CMS: Healthcare spending growth slowed in 2016; per capita spending topped $10K

A new report from CMS found that healthcare spending growth slowed in 2016.

Healthcare spending growth slowed in 2016 following two years of rapid growth in 2014 and 2015, according to a new report. 

The Centers for Medicare & Medicaid Services Office of the Actuary issued its annual spending analysis, and in 2016 healthcare spending grew at a rate of 4.3%, reaching $3.3 trillion, according to the report (PDF). Compared to past years, the rate slowed, which the researchers said is likely due to a burst of insurance enrollment in the first years that the Affordable Care Act was in full effect. 

"The report concludes that the 2016 expenditure slowdown was broadly based as growth for all major payers (private health insurance, Medicare and Medicaid) and goods and service categories (hospitals, physician and clinical services and retail prescription drugs) slowed in 2016," CMS said in an announcement.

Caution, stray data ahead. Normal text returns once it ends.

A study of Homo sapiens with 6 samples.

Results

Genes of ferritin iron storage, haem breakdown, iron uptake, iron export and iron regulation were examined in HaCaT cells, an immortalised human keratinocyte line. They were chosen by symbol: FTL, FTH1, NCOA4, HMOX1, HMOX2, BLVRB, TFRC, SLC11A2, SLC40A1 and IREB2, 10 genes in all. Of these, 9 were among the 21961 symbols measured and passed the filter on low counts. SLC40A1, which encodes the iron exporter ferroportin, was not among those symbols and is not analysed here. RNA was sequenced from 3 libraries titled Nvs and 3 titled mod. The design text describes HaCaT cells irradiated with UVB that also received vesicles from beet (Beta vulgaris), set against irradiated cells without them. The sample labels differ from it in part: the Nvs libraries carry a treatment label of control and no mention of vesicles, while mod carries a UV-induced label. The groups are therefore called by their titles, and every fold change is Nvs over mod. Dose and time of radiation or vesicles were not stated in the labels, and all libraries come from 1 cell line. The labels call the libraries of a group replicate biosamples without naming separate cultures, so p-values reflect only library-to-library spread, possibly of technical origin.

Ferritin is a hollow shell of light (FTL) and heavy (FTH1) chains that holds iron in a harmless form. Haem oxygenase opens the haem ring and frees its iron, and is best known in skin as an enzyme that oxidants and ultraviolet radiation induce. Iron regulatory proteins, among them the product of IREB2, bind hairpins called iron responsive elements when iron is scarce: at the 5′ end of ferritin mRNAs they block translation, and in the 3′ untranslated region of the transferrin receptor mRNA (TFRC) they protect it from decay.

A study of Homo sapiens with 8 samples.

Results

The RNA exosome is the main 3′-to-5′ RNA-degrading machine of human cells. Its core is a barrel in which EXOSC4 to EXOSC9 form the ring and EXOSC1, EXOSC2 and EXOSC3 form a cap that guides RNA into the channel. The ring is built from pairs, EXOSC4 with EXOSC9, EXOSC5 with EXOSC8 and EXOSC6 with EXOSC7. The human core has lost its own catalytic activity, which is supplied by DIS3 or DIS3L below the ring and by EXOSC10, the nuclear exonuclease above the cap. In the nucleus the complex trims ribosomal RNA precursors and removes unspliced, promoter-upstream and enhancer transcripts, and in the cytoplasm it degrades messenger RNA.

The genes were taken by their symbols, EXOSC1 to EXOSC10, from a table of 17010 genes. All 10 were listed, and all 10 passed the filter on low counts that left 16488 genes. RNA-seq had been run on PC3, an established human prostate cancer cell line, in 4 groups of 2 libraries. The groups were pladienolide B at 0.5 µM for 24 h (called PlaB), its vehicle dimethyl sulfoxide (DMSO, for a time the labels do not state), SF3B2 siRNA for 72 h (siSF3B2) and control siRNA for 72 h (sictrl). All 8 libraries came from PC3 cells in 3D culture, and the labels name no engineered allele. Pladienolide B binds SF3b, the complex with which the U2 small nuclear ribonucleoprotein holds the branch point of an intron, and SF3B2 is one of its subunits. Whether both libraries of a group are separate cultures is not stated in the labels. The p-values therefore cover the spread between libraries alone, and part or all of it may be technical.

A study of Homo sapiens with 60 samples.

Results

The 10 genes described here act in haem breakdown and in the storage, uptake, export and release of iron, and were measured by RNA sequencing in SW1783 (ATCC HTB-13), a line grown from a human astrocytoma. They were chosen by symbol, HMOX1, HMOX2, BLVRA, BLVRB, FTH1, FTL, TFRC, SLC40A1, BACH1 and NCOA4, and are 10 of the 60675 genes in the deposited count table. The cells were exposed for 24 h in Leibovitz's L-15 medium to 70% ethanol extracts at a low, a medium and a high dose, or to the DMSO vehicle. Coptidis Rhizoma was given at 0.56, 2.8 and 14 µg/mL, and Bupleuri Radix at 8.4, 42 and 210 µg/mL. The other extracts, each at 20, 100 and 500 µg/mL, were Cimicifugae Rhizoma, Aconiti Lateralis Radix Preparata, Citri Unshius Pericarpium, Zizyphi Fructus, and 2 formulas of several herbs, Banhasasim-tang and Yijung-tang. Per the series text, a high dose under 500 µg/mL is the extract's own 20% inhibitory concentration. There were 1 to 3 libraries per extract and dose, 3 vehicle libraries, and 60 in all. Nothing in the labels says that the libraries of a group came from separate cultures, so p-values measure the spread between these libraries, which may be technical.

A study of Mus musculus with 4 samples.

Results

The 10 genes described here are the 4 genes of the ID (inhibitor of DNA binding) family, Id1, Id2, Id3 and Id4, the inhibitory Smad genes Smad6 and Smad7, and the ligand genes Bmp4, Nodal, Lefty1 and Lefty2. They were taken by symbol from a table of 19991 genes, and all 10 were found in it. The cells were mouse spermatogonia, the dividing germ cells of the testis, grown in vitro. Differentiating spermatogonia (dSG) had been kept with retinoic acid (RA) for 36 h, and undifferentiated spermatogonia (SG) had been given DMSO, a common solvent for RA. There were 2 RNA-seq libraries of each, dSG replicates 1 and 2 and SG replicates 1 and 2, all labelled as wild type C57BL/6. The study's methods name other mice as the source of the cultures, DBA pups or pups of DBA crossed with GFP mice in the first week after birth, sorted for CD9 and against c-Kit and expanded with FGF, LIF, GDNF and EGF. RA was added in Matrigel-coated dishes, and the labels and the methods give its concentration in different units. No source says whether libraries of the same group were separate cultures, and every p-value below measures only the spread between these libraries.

RELATED: Healthcare spending trends may damage U.S. economy 

The share of the economy dedicated to healthcare spending increased slightly, from 17.7% to 17.9%. That share grew faster than the nation's gross domestic product, according to the actuary, which increased by 2.8%. 

While enrollment trends slowed spending for private and Medicaid spending, slower per-enrollee spending growth drove a decrease in Medicare spending. Spending on retail prescription drugs also decreased, another key factor. 

Though coverage spikes under the ACA that drive significant growth over the past several years are slowing, experts expect healthcare spending to continue to increase due to an aging population and growing healthcare costs.